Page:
Some major grocery chains are considering doing something stupid: Eliminating self-checkout lanes.
Albertsons LLC, which operates 217 stores in seven Western and Southern states, will eliminate all self-checkout lanes in the 100 stores that have them and will replace them with standard or express lanes, a spokeswoman said.
"We just want the opportunity to talk to customers more," Albertsons spokeswoman Christine Wilcox said. "That's the driving motivation."
The move marks a surprising step back from a trend that began about a decade ago, when supermarkets began installing self-checkout lanes, touting them as a solution to long lines. Now some grocery chains are questioning whether they are really good for business.
Kroger, the largest grocery chain in the U.S. (with some 2,500 outlets), is experimenting with removing all self-checkouts in at least one Texas store, reports StorefrontBacktalk, an industry publication. Publix, another major chain, is "on the fence" about self-checkout, according to a report quoted in the story.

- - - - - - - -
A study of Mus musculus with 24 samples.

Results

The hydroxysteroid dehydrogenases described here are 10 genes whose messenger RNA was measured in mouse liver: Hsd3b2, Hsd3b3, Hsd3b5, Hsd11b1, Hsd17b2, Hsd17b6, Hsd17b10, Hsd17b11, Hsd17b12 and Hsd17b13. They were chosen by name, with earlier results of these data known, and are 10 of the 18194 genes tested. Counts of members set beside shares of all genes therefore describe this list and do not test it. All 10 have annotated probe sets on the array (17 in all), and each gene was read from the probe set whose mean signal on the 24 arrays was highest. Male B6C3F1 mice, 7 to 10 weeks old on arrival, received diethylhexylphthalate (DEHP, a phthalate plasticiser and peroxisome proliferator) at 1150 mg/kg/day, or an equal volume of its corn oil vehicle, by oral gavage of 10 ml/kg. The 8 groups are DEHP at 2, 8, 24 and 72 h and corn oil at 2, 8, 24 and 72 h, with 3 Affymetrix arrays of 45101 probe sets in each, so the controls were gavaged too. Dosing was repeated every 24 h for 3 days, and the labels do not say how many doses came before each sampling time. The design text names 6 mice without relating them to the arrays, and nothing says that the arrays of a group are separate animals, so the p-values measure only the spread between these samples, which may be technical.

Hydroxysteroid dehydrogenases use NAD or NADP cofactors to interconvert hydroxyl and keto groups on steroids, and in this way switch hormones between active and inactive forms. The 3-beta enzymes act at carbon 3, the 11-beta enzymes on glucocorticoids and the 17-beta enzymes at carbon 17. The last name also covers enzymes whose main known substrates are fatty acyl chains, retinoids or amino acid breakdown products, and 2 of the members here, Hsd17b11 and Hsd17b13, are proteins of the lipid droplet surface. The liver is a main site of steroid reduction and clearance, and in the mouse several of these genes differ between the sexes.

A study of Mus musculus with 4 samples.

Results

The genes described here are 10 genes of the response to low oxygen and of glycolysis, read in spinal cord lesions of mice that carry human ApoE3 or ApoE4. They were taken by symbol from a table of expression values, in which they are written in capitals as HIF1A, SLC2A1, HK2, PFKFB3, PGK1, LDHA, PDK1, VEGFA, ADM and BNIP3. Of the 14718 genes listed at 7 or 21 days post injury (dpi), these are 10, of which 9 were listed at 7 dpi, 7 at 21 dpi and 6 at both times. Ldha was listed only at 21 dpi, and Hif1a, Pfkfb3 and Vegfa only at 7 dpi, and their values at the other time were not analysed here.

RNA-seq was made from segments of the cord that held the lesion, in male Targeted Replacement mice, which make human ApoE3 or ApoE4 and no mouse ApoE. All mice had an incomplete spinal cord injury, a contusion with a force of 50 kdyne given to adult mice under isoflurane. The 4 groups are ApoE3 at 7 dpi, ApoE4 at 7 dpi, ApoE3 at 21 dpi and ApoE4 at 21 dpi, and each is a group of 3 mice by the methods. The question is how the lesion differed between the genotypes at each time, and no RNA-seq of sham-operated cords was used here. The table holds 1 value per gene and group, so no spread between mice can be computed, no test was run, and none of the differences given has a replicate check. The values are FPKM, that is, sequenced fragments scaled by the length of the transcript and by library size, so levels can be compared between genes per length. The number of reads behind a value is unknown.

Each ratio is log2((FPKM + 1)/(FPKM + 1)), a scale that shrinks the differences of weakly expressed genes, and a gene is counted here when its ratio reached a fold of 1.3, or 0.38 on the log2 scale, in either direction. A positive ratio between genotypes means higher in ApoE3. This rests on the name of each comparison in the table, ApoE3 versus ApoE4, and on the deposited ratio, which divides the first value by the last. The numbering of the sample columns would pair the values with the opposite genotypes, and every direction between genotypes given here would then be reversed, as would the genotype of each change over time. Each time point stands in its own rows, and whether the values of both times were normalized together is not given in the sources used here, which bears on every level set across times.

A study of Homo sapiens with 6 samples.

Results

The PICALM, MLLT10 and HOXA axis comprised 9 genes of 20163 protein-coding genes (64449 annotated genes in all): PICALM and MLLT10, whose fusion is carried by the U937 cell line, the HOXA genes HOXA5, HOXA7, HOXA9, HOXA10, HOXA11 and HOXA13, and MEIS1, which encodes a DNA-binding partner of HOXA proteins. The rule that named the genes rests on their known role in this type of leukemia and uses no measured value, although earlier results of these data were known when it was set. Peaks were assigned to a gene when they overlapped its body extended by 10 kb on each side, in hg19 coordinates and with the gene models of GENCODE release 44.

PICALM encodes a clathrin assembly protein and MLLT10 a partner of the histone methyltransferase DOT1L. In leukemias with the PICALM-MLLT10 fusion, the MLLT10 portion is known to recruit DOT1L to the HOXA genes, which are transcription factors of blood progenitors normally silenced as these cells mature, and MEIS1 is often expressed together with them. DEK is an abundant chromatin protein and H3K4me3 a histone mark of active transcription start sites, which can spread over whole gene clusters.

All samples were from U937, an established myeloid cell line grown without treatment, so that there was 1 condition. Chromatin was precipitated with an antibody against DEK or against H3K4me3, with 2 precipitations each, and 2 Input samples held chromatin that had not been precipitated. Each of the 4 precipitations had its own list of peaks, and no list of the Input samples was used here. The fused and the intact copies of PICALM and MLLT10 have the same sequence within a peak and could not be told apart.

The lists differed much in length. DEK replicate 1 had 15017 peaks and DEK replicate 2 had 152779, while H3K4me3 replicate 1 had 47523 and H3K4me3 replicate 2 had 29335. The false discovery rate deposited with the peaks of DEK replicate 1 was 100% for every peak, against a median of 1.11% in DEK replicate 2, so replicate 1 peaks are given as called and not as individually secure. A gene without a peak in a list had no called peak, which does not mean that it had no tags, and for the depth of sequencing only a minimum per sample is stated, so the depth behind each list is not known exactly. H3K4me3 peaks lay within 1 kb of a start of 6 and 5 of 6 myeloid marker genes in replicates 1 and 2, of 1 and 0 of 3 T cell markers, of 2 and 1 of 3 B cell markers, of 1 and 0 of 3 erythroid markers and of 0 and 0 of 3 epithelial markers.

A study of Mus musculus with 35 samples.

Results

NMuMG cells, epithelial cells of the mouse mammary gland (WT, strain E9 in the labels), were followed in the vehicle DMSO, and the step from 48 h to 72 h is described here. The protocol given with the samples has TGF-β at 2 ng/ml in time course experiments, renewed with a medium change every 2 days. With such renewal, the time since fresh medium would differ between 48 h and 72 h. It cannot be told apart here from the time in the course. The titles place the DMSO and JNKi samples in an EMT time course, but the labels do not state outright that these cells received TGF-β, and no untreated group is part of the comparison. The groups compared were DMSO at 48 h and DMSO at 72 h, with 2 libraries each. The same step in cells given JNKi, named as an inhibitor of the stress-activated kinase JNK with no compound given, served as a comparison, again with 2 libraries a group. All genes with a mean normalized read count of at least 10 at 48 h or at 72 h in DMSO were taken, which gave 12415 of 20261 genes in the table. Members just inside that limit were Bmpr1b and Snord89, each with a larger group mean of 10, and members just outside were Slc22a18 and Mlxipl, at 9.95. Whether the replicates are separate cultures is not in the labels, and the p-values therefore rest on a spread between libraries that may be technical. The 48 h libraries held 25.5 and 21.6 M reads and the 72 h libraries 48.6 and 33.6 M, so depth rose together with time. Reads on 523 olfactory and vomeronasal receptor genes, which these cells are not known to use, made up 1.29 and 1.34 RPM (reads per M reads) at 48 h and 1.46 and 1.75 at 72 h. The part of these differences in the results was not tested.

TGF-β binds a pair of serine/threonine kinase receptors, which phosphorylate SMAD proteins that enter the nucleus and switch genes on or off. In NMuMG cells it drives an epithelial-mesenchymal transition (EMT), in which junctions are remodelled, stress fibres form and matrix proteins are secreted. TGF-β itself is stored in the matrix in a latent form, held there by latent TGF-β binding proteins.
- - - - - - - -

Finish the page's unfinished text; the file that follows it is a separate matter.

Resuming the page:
When I go shopping, it’s usually to pick a few things up for Marathon Girl on my way home from work. There are two stores near our home that I can pick things up at. The first has no self-checkout lanes. The second has 10 self-checkout lanes. Unless she needs something specific at the first store I always choose the second because self-checkout lets me get in and out of the store quickly. At the store with no self-checkout lanes there’s always a line at every checkout lane. Going there adds at least five minutes to any shopping trip.
Self checkout lanes are perfect for shoppers who don’t have many items and need to get in and out of the store quickly. The human touch is great when you have a cart load of groceries but when I go, I don’t care if I talk to someone. I want to buy what I need and get on with my life.
What I don’t understand why some stores don’t want to give shoppers a choice of how to buy their groceries. Just because there’s a self-checkout lane doesn’t mean someone has to use it. If people want the human touch, that’s great—let them wander over to a lane with a person. But please don’t force to stand in line when all I need to buy is a gallon of milk or a bag of apples. I’m fully capable of checking out those items by myself.